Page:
Sciatica in primary care – a case discussion
It is thought that more than half of adults will experience back pain in their life, and practice nurses will often be the first practitioners consulted. Cheryl Johnson and Gerri Mortimore explain what nurses need to know when they encounter this common complaint.
Back pain is a common problem encountered in practice. It is estimated that 60% of the adult population experience low back pain throughout their lifetime (Campbell and Colvin, 2013) that over 80% of the population will report low back pain throughout their lifetime (Walker, 2000) with between 13–40% developing sciatica (NICE, 2022). This article will discuss a case study who presented to a community trainee enhanced clinical practitioner (tECP) with symptoms of lumbar radiculopathy. and After clinical examination and further tests a diagnosis of acute sciatica was given. This article will explore how the history taking, clinical examination and special tests led to this diagnosis. Moreover, it will examine the underlying evidence underpinning the examination and tests undertaken.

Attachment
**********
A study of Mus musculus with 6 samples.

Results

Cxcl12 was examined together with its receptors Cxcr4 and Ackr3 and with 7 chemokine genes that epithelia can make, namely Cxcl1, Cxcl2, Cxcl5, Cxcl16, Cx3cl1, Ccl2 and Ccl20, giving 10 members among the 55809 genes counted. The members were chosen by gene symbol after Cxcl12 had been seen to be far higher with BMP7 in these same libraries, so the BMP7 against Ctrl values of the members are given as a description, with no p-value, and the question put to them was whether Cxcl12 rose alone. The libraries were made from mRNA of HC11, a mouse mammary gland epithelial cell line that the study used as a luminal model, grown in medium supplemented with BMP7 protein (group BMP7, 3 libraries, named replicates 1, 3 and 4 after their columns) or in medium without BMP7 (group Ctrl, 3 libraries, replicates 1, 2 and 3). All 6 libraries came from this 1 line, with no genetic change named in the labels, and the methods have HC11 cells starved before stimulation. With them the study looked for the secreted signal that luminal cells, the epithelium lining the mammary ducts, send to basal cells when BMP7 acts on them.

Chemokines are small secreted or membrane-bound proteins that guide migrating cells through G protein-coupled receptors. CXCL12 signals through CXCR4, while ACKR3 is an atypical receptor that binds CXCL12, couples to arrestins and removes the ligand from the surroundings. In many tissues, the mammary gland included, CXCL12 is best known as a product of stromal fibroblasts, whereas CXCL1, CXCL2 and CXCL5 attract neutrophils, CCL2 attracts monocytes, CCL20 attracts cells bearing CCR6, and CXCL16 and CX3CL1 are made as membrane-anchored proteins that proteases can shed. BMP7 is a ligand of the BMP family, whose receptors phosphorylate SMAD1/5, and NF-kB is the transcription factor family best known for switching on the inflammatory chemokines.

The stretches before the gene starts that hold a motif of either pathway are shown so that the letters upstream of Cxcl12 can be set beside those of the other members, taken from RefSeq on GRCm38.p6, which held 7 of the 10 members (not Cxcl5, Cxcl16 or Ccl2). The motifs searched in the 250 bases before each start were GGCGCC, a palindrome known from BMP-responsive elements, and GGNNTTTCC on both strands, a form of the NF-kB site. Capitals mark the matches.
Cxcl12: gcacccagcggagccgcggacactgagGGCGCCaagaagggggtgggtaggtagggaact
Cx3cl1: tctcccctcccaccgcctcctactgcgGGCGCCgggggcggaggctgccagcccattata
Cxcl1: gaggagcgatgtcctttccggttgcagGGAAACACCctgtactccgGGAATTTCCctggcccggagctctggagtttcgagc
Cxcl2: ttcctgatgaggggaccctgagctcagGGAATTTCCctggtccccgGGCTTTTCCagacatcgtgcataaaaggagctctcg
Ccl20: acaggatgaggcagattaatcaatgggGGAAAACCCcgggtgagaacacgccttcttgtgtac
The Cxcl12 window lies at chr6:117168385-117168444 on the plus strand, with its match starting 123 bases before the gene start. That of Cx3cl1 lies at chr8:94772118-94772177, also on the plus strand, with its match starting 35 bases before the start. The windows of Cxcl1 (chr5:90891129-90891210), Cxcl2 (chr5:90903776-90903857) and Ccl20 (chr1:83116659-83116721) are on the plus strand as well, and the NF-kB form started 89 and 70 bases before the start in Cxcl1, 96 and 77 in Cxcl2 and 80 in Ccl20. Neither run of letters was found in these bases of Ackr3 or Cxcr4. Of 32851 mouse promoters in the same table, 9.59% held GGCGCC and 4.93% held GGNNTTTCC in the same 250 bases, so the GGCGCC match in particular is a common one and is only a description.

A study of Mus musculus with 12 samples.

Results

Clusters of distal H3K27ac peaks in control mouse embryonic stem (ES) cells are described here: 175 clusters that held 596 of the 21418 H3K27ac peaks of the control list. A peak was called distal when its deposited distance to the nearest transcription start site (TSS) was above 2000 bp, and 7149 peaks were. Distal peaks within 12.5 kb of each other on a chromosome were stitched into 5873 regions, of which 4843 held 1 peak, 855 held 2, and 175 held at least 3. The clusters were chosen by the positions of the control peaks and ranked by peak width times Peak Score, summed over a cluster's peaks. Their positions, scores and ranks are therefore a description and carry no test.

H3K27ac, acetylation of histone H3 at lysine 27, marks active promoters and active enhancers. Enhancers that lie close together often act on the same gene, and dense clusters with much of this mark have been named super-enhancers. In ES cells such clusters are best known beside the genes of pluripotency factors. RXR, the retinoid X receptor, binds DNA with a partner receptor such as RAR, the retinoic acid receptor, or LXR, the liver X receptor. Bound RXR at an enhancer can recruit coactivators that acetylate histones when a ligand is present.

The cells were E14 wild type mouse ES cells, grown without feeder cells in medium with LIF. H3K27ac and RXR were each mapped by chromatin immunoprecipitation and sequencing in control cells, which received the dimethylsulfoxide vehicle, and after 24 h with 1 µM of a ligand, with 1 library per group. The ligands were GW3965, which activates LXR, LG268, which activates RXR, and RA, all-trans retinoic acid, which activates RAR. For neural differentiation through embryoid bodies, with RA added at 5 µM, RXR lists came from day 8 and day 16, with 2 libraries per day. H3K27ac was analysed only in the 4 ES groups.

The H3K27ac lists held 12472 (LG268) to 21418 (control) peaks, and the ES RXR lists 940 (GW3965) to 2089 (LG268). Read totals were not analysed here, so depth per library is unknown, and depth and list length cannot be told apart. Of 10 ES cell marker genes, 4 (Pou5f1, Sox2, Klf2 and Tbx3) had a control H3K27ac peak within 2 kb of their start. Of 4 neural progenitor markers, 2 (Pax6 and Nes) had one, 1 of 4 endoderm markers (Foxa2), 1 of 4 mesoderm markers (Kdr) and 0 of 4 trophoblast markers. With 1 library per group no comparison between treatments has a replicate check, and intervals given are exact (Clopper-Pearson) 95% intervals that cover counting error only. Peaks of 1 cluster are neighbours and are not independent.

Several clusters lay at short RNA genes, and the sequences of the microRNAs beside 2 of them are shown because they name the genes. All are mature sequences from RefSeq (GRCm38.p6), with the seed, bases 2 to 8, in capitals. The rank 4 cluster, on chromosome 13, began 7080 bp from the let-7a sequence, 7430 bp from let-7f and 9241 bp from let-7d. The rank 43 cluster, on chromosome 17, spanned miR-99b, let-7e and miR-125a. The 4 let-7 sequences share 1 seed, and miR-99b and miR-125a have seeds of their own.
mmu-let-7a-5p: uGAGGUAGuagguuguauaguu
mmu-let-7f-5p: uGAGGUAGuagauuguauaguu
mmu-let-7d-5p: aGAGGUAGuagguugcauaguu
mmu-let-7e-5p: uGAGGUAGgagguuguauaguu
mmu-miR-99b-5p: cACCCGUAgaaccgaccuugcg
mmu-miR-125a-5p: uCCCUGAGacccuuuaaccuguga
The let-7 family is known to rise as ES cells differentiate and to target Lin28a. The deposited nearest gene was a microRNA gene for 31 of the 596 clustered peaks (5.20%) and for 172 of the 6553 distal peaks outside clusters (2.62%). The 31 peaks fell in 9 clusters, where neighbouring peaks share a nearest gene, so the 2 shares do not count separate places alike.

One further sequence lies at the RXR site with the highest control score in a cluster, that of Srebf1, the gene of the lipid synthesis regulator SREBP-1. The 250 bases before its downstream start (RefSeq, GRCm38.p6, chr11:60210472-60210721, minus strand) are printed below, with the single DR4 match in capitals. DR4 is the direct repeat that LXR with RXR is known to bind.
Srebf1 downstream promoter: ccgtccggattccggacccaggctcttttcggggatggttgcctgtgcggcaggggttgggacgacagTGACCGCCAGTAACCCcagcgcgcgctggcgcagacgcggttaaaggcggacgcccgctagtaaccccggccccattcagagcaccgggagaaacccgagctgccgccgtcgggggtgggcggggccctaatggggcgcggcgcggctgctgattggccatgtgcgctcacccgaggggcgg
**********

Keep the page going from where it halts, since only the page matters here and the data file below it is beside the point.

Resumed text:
It is estimated that 60% of the adult population will experience low pain throughout their lifetime (Campbell and Colvin, 2013). Low back pain is a global common health problem which poses a significant financial economic burden. Hill et al. (2011) reports 60% of patients presenting with low back pain also report leg pain, this includes sciatica symptoms. The current economic financial burden associated with low back pain is estimated £12 billion per year (NICE, 2016). This article will discuss a case study of a patient (Mrs A) (see appendix one) who presented with symptoms of lumbar radiculopathy, commonly labelled as sciatica (National Institute for Heath and Care Excellence, (NICE) 2022) and was reviewed by a community trainee enhanced clinical practitioner (tECP), previously referred to as community matrons. The patient has provided verbal consent to be utilized as a case study and has been assured their name and details will remain anonymous. The aetiology, epidemiology and pathophysiology of sciatica will be explored with the support of current based evidence. The process of formulating a diagnosis through concise history taking, performing a clinical examination and investigations including diagnostic tests will be discussed and critically evaluated leading to a conclusion (Balogh, Miller and Ball, 2015), a clinical management plan and considerations for future practice.